What’s changed?

Looking at internal and external machine factors

It’s a question we ask all the time when production miraculously improves or declines. There can be so many causes that influence equipment and production performance, from simple raw material characteristics to operator skills and capabilities.

Getting to the root cause after the event proves problematic when we’re not physically observing the issues in-person or not having good data to analyse.

More often it is open to opinions and interpretations of data to determine conclusions and corrective actions, only to have a repeat of the events at a later date and frustrate us further.

Exploring external influences

production performance

Some of the simple tools we have applied over the years attempting to identify root causes have included the tracking of raw materials and batch numbers, to identify variations that may be affecting a process or individual operator capabilities to highlight training needs.

These and many other factors focus upon the equipment external influencers that can vary the process stability and quality. Environmental conditions may also be affecting machine performance, temperature, humidity, ph, vibration, air pressures etcetera . These are usually quite simple to monitor and overlay process trends to identify what is having an influence on efficiencies and trigger appropriate adjustments.

Identifying internal influences

production performance

More detailed internal analysis of machine settings and adjustments to these settings, has been very useful for training operators and machine builders (OEM’s). Where possible, recording the changes to machine settings can be quickly validated as to whether these improve or decrease efficiencies.

We come across many cases of operators having their own ‘book of settings’ with machine parameters that they prefer to use and is not always shared. It is a behaviour we regularly witness, that increases variation and inconsistency in both products quality and output volume.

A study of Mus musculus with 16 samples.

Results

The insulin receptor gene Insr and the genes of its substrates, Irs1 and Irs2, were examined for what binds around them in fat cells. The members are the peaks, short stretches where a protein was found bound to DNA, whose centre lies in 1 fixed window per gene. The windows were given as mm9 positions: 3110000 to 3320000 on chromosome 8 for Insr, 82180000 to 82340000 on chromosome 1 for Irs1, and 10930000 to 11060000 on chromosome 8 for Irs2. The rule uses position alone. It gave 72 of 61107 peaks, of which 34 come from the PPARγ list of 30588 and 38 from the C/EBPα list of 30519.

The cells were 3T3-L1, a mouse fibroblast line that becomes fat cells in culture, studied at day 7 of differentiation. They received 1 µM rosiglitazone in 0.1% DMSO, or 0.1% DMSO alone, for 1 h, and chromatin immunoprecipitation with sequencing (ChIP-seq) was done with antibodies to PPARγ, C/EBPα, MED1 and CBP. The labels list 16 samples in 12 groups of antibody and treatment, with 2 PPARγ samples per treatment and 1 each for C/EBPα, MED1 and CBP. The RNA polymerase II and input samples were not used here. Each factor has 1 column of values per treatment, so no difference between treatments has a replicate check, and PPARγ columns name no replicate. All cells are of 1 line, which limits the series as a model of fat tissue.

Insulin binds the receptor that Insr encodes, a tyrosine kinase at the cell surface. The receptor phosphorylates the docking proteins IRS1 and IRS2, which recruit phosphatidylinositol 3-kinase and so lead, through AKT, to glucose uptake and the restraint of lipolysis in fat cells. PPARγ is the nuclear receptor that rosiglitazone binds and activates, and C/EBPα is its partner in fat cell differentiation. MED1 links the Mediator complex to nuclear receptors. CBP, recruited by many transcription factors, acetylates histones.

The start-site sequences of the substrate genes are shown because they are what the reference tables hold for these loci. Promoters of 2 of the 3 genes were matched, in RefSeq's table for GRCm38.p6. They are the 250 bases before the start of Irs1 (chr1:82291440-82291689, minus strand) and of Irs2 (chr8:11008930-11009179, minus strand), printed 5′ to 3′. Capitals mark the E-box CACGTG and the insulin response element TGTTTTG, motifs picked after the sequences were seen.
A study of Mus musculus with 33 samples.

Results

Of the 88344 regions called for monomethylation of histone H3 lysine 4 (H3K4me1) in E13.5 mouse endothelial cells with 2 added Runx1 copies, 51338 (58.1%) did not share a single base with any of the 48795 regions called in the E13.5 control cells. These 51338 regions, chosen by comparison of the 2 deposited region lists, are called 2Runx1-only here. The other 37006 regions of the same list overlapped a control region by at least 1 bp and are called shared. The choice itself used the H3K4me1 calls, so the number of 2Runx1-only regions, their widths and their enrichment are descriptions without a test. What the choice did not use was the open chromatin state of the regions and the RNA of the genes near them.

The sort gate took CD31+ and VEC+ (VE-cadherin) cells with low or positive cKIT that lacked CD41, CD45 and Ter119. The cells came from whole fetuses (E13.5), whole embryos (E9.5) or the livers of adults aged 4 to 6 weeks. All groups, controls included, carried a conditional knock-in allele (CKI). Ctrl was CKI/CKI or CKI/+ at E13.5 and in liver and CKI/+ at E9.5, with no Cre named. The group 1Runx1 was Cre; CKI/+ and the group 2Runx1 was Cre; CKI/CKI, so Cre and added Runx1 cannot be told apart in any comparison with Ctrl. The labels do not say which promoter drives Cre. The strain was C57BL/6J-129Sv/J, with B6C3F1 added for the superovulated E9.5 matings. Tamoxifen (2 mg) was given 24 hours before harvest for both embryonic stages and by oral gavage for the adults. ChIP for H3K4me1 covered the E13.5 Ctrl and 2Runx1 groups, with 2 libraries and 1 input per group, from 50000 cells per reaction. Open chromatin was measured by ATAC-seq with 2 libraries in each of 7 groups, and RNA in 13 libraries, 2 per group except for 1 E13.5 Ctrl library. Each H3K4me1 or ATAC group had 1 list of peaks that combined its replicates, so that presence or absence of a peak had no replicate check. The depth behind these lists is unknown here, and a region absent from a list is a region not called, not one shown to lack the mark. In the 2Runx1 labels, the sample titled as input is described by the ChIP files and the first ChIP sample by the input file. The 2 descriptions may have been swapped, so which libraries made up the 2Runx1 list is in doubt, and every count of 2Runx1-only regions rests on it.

Banishing the myths

production performance

To dispel any myths held within these ‘settings books’, machine settings can be recorded digitally and retained to validate what the optimum settings are based on what is defined as good performance.

Further adjustments to settings can also be tracked to validate the effectiveness of the adjustments. We are not beating up operators here, but we know some do like to mess with settings just because they can.

OEM’s are learning from this data we are recording and sharing, to understand what is occurring with their equipment in the field. Identifying how the equipment is actually being used may not reflect how it was originally designed to be used. In a Servitization environment this knowledge is critical to OEM’s to ensure there service level (SLA’s) are being maintained.

Supporting production volume and engineers’ sanity

As a direct result of the data analysed, improvements to the design of machine adjustment functions has reduced the level of adjustments available to the operator as these have now been proven to not affect the product being produced. Many engineers will appreciate how machine settings can be adjusted to such an extent by operators that it may no longer actually resemble the machine they know.

Keeping these adjustments to a minimum and allowing the operator to focus on what they can influence has proven beneficial to both the production volumes being produced and engineers’ sanity.

Reviewing internal machine settings has added a dimension to the organisational and OEM’s learning. OEM’s are also now designing more efficient machines from having a greater appreciation of the user behaviour.

Why not discover how Gemba could empower continuous improvement in your workforce with our software products?